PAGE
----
For many students, fourth grade marks the transition from basic arithmetic to more complex mathematical reasoning. The Common Core Standards, which have been adopted by 45 states, emphasize three critical skills students learn in fourth grade math: understanding that it's possible to analyze geometric shapes, multiplying multidigit numbers, and developing a basic understanding of fraction equivalence. Most fourth-grade math skills are designed to help students achieve these broad learning goals.
Multiplication and Division
Fourth graders begin multiplying larger numbers -- including two and three digit numbers -- as well as multiplying three numbers at once. Students will also begin to learn the relationship between multiplication and division, and master simple division problems. As students acquire the basics, they'll progress to division with a remainder and long division.
Fractions and Decimals
Fourth graders learn the relationship between fractions and decimals and master converting one to the other. They'll begin to recognize equivalent fractions, learn how to compare two fractions, and master reducing fractions. They may also be required to develop fractions based on graphic representations, or turn fractions into illustrations. Students will also learn how to multiply a whole number by a fraction.
Fourth grade math is designed to give students the basic skills they need to progress to more complex geometry in fifth grade and middle school. They will learn how to draw lines and angles and will begin to understand that angles determine shape. As part of their preparation for geometry, students will also learn to use measurement tools and may learn basic geometric formulas such as calculating the area of a square.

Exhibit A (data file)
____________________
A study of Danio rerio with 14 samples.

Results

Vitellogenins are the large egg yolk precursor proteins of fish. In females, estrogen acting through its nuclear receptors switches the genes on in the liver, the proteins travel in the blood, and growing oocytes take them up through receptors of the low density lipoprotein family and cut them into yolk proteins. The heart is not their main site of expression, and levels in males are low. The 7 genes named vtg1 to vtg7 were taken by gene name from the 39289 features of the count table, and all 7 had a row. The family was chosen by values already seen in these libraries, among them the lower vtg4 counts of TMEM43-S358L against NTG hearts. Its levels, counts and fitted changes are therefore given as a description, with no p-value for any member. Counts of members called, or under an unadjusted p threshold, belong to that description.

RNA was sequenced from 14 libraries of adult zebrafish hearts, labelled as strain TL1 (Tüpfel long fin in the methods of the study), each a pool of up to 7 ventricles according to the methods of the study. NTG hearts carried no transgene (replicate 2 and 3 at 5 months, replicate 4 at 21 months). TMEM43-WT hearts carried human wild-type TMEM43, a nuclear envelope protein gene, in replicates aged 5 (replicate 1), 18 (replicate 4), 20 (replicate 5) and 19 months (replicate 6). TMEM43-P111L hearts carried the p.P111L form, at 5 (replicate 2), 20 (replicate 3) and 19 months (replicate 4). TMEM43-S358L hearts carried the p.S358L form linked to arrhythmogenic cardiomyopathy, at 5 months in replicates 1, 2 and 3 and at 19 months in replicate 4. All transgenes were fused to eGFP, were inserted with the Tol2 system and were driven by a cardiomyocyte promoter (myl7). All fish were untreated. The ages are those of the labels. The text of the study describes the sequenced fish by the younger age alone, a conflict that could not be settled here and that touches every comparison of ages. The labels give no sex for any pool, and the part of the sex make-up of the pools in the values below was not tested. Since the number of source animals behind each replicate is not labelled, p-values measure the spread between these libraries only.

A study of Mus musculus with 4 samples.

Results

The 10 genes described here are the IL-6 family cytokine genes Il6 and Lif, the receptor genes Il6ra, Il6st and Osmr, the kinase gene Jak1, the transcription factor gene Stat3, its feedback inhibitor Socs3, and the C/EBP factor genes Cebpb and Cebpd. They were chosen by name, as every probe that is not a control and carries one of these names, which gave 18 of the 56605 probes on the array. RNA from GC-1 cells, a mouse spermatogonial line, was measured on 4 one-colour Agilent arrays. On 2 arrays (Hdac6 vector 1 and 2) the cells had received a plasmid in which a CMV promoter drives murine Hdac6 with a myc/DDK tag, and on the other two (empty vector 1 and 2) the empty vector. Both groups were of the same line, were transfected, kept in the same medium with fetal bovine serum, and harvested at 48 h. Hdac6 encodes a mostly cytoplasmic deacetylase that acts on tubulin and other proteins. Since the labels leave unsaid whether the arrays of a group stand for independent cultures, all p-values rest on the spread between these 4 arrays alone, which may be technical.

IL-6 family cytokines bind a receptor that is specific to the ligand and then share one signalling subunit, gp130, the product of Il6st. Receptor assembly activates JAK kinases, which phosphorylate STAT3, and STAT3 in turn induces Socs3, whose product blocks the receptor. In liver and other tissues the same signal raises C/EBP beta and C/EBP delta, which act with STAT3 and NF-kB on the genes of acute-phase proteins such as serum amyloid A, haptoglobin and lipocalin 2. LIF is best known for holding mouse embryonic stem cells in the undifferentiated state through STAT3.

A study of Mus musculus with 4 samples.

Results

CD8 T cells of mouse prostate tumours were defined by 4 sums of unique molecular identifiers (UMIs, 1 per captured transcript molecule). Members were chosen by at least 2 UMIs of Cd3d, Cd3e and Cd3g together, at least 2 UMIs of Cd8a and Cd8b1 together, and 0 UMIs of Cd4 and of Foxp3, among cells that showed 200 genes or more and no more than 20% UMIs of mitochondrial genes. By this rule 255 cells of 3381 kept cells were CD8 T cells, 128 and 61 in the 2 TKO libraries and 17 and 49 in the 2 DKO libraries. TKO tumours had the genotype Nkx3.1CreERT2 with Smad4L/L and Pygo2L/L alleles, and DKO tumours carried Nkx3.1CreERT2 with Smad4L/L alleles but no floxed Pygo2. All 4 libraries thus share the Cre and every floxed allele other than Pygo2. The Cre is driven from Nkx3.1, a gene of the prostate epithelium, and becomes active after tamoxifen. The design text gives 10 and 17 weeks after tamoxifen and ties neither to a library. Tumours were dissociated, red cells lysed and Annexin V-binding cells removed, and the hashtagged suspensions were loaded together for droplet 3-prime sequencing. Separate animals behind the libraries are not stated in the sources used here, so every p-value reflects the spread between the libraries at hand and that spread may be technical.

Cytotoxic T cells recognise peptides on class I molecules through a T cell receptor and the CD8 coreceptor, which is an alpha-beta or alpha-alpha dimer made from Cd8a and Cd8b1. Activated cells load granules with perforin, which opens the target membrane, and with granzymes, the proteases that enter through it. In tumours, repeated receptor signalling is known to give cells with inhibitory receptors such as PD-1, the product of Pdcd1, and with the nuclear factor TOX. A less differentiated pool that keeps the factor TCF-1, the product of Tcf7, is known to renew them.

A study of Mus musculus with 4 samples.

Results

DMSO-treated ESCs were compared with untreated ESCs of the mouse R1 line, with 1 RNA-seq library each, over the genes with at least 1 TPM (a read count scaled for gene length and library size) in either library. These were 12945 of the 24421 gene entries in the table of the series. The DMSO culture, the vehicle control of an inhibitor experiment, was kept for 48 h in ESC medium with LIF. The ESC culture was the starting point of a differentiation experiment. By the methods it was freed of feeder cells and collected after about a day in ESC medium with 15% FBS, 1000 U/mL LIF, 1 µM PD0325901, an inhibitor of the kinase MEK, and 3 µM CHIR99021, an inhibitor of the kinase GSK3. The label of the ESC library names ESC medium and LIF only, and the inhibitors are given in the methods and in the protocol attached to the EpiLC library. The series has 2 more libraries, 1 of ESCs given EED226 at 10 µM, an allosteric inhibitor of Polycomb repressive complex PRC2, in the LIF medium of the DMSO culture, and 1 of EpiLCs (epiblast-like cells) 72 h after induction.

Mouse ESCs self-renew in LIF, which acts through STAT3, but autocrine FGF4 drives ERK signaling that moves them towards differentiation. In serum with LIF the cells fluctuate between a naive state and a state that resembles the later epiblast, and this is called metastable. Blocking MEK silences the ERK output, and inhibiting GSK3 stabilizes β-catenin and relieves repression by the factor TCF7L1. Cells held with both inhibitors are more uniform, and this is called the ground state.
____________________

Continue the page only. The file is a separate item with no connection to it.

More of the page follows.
Fourth grade marks a shift toward a stronger emphasis on mathematical reasoning. Students will learn to work with numbers to the millionth place value, and learn tools for estimating solutions to problems. They'll also be introduced to the basics of probability and statistics and will learn to analyze simple graphs and to gather information to determine probability. Students may also be required to develop simple proofs and explain why a mathematical concept is true. For example, a child might be required to "prove" the answer to a multiplication problem using division or by explaining the process of multiplication.